2 min read

I generally don’t listen to Pitbull’s music, whether deliberately or unintentionally, but I’m willing to hear what he’s got to say on  Fireball, his new single released in the lead-up to the release of his upcoming album, Globalization.

Pitbull FireballFireball starts with a clapping beat and an appropriately zesty guitar when Pitbull launches into a party-hearty rap that, based on what little I’ve gathered about Pitbull, almost sounds like a parody of what the man’s like. As befitting the title, Pitbull’s lyrics apply metaphorical fireballs and fire in general to all sorts of events, such as suggesting everybody dance and drink shots “like the roof’s on fire” before telling a woman “Now baby, give a booty naked/ Take off all your clothes and light the roof on fire” and then eventually suggesting that he’s on fire and, by extension, a fireball. Quite the mixed metaphor, if you ask me.

The hook is definitely a highlight, however, with its addition of some appropriately Latin-sounding saxophone to the guitars and drums sounding simplistic yet catchy. It’s not long before Pitbull resumes rapping with a basic homage to the Run D.M.C. version of Walk This Way, affecting appropriately (or should I say inappropriately?) immature lyrics in the process. John Ryan’s contribution is a little on the flat side – it’s an extension of the hook and thus he sings the exact same verse twice during the song – but it still adds some much-needed variety (even if Pitbull does a running commentary throughout Ryan’s verse). Before too long, Pitbull jumps back in with lyrics that alternately defy his detractors and brag about his party animal persona.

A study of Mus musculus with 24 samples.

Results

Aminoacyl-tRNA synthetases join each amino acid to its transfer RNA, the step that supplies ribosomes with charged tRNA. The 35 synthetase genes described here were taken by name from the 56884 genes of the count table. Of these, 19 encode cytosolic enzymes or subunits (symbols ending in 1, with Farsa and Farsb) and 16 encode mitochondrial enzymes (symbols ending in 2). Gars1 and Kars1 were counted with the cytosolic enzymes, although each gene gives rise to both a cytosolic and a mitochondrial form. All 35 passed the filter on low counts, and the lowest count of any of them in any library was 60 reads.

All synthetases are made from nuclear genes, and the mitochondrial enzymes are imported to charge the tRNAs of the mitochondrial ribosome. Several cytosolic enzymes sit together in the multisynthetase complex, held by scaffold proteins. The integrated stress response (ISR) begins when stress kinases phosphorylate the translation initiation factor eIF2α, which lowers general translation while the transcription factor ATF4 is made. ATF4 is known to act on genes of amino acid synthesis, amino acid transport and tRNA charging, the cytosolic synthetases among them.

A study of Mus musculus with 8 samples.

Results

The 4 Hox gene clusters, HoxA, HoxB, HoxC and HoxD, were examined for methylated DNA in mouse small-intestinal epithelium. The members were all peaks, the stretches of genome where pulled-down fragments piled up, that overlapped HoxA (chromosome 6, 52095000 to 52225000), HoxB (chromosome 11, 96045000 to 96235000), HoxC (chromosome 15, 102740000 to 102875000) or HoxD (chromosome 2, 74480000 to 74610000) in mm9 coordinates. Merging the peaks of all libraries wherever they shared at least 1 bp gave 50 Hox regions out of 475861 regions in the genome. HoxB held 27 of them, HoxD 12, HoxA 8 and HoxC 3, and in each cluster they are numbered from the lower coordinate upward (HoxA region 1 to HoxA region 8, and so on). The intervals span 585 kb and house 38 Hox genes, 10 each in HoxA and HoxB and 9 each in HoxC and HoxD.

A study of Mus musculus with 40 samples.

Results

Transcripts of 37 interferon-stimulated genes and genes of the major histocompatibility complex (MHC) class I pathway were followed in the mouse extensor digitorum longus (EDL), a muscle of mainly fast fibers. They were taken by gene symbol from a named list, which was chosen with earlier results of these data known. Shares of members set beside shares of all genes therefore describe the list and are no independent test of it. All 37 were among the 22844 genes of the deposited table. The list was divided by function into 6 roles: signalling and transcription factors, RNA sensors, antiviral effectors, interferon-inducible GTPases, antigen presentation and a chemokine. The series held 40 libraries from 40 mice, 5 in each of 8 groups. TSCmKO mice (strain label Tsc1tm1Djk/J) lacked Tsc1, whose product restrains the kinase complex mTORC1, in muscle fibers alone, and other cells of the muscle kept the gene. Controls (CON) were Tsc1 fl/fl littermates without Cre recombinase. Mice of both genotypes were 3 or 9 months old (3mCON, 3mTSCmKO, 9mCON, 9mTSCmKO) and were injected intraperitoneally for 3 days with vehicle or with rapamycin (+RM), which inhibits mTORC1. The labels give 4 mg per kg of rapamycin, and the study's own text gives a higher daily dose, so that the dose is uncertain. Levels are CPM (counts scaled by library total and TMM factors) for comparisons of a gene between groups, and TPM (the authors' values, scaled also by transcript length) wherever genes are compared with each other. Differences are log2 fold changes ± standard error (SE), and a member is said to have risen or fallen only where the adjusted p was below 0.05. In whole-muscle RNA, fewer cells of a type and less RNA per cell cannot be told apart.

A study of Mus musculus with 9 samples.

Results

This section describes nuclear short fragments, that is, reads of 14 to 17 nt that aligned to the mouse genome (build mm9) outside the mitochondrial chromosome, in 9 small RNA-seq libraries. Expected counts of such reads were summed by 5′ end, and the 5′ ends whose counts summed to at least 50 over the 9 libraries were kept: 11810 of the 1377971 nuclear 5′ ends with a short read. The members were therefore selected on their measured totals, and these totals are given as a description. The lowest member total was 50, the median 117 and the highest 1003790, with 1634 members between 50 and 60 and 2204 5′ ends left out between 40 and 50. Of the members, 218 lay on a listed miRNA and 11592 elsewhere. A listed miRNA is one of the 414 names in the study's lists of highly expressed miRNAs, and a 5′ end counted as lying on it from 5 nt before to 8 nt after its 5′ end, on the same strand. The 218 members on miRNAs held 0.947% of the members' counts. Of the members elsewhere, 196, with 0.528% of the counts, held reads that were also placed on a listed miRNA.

The climax of Fireball involves a steady crescendo as Pitbull repeats “We’re taking it down” over and over before switching to repeating “We’re bringing it back” over and over before eventually going “Fireball!” and bringing back that cool sax-driven hook. This song is about what I’d expect from a rapper that specialises in putting out catchy feel-good party hits – sure, there are some silly lyrics and Pitbull’s delivery isn’t that good, but as long as there’s a good hook and a catchy beat those flaws are relatively minor in this context. It’s bound to get some serious rotation on the club circuit, but I’m not sure it’s worth listening to at any other time.